EVERYONE EATS…. Given the recent criticism about the White House trying to do too much, I can only assume the president’s detractors were disappointed with Obama’s emphasis on food safety yesterday. Fortunately, the administration is ignoring those concerns.

President Obama accused the Bush administration yesterday of creating a “hazard to public health” by failing to curb food contamination problems, and he announced new leadership and other changes aimed at modernizing food-safety laws.

In his weekly address to the nation, Obama said he is forming a Food Safety Working Group to “upgrade our food safety laws for the 21st century,” and he formally named former New York City health chief Margaret A. Hamburg as his new Food and Drug Administration commissioner. Baltimore Health Commissioner Joshua Sharfstein will be Hamburg’s deputy, he said.

Obama also said he will ask Congress for $1 billion in new funds to add inspectors and modernize laboratories, and announced that the Agriculture Department is moving ahead with a rule change banning all sick or disabled cattle from entering the food supply. The change had stalled during the last months of the Bush administration, which allowed some “downer cows” to be slaughtered for sale.

“There are certain things only a government can do,” Obama said. “And one of those things is ensuring that the foods we eat, and the medicines we take, are safe and do not cause us harm.”

Good. The FDA became a rather pathetic joke over the last eight years. A group of federal scientists recently told Obama, for example, “Managers with incompatible, discordant and irrelevant scientific and clinical expertise in devices…have ignored serious safety and effectiveness concerns of FDA experts. Managers have ordered, intimidated and coerced FDA experts to modify scientific evaluations, conclusions and recommendations in violation of the laws, rules and regulations, and to accept clinical and technical data that is not scientifically valid.”

In other words, the Bush administration’s “leadership” on these issues — food safety, medicine, medical devices, consumer health in general — was literally sickening.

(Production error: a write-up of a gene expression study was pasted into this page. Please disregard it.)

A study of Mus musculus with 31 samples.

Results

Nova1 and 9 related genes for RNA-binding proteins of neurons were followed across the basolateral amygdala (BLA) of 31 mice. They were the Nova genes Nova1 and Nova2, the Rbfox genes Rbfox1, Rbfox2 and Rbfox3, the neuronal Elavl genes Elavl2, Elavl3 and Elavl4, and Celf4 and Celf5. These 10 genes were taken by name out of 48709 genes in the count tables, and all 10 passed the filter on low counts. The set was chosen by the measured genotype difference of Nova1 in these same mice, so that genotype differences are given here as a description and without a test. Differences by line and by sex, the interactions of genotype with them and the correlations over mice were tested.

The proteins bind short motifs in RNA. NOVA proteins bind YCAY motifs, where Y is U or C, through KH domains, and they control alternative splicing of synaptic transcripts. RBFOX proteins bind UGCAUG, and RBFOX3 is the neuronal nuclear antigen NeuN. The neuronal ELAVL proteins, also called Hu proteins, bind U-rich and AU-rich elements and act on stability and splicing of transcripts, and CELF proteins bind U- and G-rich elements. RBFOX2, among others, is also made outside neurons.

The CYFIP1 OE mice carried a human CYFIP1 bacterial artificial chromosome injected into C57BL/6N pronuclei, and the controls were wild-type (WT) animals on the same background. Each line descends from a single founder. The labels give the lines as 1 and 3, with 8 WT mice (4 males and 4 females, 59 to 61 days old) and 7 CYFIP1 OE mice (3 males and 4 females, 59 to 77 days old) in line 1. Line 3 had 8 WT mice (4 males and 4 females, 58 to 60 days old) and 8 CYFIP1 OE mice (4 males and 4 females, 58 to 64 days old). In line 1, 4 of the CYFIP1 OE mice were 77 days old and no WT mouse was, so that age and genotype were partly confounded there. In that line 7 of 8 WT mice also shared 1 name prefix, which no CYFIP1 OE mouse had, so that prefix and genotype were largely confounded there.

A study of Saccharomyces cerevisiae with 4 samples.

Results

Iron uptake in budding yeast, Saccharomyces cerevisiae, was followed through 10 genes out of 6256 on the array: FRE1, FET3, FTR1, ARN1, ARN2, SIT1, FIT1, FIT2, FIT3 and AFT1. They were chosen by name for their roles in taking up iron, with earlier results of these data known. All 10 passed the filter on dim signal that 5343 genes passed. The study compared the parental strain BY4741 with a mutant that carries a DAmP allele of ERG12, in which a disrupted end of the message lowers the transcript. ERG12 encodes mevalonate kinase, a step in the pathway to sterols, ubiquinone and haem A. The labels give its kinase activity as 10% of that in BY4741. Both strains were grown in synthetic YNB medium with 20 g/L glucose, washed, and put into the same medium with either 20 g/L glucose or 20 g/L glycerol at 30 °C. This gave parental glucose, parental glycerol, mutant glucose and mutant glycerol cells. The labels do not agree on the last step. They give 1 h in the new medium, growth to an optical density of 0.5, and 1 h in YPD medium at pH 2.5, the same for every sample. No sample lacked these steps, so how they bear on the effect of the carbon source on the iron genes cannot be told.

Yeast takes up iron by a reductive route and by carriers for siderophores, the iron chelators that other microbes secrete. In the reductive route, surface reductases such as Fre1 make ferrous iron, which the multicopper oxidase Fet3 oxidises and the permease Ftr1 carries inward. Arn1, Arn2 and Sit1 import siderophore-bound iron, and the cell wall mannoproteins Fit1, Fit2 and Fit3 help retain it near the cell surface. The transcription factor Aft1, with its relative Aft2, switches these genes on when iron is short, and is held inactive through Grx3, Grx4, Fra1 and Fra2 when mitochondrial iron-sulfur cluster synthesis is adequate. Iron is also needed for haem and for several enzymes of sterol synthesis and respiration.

“No parent should have to worry that their child is going to get sick from their lunch, just as no family should have to worry that the medicines they are buying will cause them harm,” the president said yesterday. “Protecting the safety of our food and drugs is one of the most fundamental responsibilities government has.”

And what does this have to do with demands that Obama spend every waking moment focused on nothing but the economy? Not much. But, as dday noted, “I’m going to go ahead and guess that 100% of Americans eat food. And the e. coli conservatism of the Bush years had a real and profound effect on people.”

Quite right. Bush administration negligence on issues like food safety contributed to Americans’ lack of confidence in their elected leaders. People lost faith in the government’s ability to protect their interests. Obama intends to restore that confidence — reassuring the nation that we have capable officials looking out for them — which strikes me as a very wise use of his time.

Steve Benen

Follow Steve on Twitter @stevebenen. Steve Benen is a producer at MSNBC's The Rachel Maddow Show. He was the principal contributor to the Washington Monthly's Political Animal blog from August 2008 until January 2012.